The New South Wales Land and Environment Court has rejected an appeal from Gloucester Resources regarding the refusal of its development application for the Rocky Hill coking coal mine in the Hunter Valley.
The verdict was delivered last week by Chief Justice Brian Preston, who said the mine would have significant social and environmental impacts.
Gloucester has been developing the Rocky Hill coal mine for several years, having started exploration and project planning works in 2010.
The NSW Independent Planning Commission refused the mine in December 2017, finding that the project was not in the public interest, which prompted Gloucester to sue the Minister for Planning.
“The mine will have significant adverse impacts on the visual amenity and rural and scenic character of the valley, significant adverse social impacts on the community and particular demographic groups in the area, and significant impacts on the existing, approved and likely preferred uses of land in the vicinity of the mine,” Preston’s judgment stated.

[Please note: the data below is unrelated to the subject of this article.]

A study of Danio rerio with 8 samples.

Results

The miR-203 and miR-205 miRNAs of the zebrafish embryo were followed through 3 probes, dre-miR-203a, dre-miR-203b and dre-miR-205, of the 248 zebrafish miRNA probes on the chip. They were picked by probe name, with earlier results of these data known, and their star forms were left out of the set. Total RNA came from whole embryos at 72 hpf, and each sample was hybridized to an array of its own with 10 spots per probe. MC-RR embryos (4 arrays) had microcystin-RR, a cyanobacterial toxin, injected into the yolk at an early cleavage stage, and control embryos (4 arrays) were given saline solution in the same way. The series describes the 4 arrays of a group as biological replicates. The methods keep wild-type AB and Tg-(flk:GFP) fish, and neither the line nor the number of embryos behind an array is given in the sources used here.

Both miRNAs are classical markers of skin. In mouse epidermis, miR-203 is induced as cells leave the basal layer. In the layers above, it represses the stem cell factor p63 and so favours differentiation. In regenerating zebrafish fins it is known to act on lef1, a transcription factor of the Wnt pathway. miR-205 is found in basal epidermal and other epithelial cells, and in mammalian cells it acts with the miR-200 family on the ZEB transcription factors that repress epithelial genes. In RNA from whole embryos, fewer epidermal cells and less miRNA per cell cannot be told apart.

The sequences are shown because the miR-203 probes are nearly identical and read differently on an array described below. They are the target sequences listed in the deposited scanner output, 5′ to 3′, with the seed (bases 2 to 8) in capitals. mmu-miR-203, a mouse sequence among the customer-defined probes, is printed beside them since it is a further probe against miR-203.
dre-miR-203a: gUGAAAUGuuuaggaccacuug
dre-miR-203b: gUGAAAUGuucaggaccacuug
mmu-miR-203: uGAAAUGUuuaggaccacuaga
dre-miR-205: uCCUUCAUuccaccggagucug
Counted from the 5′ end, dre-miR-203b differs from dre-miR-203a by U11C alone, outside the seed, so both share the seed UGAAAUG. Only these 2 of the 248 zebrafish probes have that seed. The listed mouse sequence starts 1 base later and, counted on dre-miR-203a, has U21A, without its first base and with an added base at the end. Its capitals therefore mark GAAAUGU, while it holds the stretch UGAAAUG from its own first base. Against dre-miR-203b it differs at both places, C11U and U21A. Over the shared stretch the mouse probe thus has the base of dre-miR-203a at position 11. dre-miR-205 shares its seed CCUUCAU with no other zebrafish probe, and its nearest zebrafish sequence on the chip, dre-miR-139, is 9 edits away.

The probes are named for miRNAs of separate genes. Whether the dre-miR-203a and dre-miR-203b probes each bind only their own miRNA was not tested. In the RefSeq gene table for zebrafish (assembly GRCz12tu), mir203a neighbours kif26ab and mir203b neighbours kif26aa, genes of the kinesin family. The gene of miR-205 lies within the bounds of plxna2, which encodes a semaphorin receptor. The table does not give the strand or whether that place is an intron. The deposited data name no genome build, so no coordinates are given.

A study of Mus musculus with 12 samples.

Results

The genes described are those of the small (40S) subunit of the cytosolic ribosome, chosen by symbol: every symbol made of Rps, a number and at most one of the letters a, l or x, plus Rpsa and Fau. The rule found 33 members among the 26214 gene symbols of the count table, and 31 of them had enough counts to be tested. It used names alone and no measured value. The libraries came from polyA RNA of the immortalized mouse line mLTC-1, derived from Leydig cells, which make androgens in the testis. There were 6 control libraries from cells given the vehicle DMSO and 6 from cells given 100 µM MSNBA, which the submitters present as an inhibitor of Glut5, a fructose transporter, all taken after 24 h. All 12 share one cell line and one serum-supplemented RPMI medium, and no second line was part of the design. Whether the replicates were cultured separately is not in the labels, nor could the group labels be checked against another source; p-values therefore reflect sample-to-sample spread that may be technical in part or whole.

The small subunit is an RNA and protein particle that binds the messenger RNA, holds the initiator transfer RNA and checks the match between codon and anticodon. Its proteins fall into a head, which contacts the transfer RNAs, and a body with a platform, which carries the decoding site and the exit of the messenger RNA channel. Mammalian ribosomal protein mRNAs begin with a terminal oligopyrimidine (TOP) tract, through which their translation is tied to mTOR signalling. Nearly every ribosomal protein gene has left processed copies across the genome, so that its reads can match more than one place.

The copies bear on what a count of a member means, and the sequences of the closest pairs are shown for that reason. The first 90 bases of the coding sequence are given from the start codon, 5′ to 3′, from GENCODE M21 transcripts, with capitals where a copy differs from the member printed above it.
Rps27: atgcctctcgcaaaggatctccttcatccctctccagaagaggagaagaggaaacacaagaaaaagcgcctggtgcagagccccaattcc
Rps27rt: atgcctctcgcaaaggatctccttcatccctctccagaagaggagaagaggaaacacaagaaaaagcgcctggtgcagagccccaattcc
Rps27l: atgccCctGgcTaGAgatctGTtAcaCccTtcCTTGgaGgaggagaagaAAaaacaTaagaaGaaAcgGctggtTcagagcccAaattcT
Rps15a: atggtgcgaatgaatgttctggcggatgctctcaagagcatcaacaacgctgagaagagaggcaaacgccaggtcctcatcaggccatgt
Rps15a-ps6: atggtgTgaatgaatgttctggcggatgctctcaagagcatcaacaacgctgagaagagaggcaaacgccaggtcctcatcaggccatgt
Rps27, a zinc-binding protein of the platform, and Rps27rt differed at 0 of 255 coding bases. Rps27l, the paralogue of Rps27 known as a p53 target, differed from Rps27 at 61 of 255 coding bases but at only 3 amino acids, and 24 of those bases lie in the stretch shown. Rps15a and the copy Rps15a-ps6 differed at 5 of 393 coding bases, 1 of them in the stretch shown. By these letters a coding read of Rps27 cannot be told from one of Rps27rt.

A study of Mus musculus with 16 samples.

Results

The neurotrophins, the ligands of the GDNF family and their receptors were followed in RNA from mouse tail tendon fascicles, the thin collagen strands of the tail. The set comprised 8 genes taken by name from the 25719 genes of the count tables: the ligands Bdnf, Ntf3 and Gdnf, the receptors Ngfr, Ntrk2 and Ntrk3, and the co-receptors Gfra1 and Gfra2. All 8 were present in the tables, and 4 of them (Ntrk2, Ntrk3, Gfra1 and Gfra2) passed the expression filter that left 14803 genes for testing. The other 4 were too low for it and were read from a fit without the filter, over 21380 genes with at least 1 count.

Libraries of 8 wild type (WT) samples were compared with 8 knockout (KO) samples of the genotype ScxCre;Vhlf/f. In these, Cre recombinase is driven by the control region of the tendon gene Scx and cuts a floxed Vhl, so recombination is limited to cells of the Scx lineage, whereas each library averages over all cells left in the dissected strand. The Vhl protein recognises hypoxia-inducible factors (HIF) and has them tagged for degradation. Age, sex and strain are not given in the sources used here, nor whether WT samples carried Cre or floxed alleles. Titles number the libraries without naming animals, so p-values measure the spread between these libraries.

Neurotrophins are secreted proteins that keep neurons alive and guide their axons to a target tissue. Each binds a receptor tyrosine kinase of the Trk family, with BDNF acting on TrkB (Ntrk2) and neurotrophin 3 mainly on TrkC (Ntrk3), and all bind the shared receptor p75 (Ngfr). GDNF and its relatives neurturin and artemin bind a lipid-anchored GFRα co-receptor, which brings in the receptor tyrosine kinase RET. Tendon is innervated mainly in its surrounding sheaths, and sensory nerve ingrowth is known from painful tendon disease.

The judgment also cited the potential climate change impact caused by greenhouse gases arising from the mine’s activity.
Gloucester had proposed employing 110 operational staff to produce 21 million tonnes of coal over a mine life of up to 21 years.
Environmental group Lock the Gate Alliance welcomed the news, stating that the Independent Planning Commission should also commission an independent climate change review into Kepco’s Bylong coal mine as well.
“At a time when the world is warming at a terrifying rate, this judgement marks a turning point for NSW’s consideration of new mines,” said Lock the Gate spokesperson Georgina Woods.
A NSW Environmental Defence Office (EDO) statement claimed it was the first time an Australian court had refused consent for a coal mine on the basis of climate change impacts.
Gloucester Resources told media it would consider its next steps for the mine in light of the decision.